Alice Xie is an IPilogue Writer and a 1L JD Candidate at University of Western Ontario’s Faculty of Law.
Can you file a trademark application for a restaurant and proceed to demand 1.5 million dollars to sell that mark? The May 2022 Federal Court of Canada decision, Beijing Judian Restaurant Co. Ltd v Meng (“Judian”), finds you cannot because the application would be filed in bad faith. Beijing Judian is a reputable barbeque bar restaurant with over 40 locations in China with established Ju Dian character marks, including the JU DIAN & Design Mark. The defendant, Meng, resides in Richmond British Columbia. Upon learning that Beijing Judian was planning to open locations in Canada, Meng raced to file trademark applications for the identical mark in Canada. Two years after filing the application, Meng went to the newly opened Vancouver location of the restaurant and demanded $1.5 million dollars for Beijing Judian to purchase the mark from him. Beijing Judian refused. A month later, the restaurant found an advertisement posted by Meng for the sale of the registration of the JU DIAN & Design Mark for $100,000. Beijing Judian subsequently brought a claim to court arguing that the identical mark registered by Meng is invalid because it was obtained in bad faith.
Two sections recently added to Canada’s Trademark Act of 1985 (“the Act”) mention bad faith. In a December 2018 amendment, the Act added section 18(1)(e), which states that a trademark registration is invalid if the application was filed in bad faith. Similarly, a 2019 amendment included bad faith in section 38(2)(a.1) as a new ground of opposition that individuals can file in response to an application. Although the law does not precisely define bad faith, the two inclusions of bad faith in trademark legislation advance the idea that nobody should benefit from their wrong.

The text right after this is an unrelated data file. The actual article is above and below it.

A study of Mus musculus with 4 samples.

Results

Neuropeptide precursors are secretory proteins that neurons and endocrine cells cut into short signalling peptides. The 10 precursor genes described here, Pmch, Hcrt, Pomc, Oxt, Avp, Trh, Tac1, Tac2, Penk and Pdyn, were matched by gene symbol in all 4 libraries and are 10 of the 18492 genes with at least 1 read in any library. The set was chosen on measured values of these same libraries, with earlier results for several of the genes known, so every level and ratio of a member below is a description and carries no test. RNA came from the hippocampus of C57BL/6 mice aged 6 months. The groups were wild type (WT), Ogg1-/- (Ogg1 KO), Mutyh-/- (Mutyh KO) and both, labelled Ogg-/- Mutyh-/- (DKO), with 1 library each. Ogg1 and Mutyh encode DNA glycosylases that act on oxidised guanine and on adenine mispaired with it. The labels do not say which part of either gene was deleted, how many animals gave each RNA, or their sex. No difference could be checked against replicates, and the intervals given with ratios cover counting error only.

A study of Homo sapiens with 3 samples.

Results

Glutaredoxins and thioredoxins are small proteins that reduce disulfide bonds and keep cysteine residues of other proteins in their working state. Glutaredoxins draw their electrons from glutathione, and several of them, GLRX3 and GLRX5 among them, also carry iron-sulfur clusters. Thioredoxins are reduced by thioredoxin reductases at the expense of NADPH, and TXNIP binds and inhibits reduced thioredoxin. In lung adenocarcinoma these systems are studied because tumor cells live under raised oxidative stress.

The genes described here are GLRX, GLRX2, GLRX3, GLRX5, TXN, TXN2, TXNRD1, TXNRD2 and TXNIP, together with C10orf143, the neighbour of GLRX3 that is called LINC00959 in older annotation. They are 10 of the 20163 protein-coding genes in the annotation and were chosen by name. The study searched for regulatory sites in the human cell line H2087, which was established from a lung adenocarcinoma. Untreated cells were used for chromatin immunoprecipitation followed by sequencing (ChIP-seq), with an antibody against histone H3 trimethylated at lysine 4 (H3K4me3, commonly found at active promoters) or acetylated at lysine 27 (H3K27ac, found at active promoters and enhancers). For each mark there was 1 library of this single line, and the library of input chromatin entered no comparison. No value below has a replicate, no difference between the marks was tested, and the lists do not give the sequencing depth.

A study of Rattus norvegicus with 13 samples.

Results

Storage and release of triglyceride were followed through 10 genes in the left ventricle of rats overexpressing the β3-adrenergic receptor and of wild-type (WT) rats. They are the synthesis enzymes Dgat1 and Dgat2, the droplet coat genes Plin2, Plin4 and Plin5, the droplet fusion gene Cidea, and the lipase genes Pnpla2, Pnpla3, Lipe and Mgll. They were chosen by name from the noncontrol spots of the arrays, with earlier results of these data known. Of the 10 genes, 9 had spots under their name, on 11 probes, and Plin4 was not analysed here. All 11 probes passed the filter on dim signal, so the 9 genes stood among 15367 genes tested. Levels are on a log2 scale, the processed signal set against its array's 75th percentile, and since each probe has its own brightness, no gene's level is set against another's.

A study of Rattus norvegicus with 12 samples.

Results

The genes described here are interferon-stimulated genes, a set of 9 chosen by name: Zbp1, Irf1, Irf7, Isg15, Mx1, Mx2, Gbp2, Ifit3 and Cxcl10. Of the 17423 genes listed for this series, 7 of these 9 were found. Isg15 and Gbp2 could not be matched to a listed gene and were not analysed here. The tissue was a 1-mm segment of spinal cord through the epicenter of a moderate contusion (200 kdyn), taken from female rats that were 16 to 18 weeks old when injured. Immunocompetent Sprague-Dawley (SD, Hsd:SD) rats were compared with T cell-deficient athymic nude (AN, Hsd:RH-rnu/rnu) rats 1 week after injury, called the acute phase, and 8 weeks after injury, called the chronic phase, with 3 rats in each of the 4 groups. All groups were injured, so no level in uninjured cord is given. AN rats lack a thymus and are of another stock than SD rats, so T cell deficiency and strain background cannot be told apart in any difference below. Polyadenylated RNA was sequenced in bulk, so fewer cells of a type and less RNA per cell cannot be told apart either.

A closer look at the Judian case shows what the court had to say about the bad faith ground. The judge found the JU DIAN & Design Mark filed by Meng to be invalid and expunged from the Canadian trademark database. It was reasonable to infer that Meng knowingly obtained the trademark registration associated with Beijing Judian in China to leverage the restaurant’s reputation for his own economic interests. Meng’s advertisement revealed Meng’s knowledge of Beijing Judian’s reputation. Meng also had no evidence of using the mark for any legitimate commercial purpose, as the only use was the sale of the identical mark online. Looking at the timeline, the judge found that Meng’s intention for filing the trademark application was to either extort money from Beijing Judian or to sell the mark to others. All of these factors combined in this case constitute bad faith.
Since the Act does not explicitly define what constitutes an application filed in bad faith, more bad faith cases will slowly clarify the meaning of bad faith in Canadian trademark law. Although Beijing Judian successfully won the trademark battle, this case follows two 2021 decisions in Norsteel Building Systems Ltd. v. Toti Holdings Inc. and Yiwu Thousand Shores E-Commerce Co. Ltd. v. Lin where the courts did not accept claims to invalidate trademark applications based on bad faith. Parties seeking to invalidate a trademark application using this claim would likely need to meet a higher standard. With the bad faith ground still developing in case law, foreign reputable establishments looking to expand into Canada should actively file trademark applications as early as possible and not rely entirely on bad faith to fend off imposters or extortionists.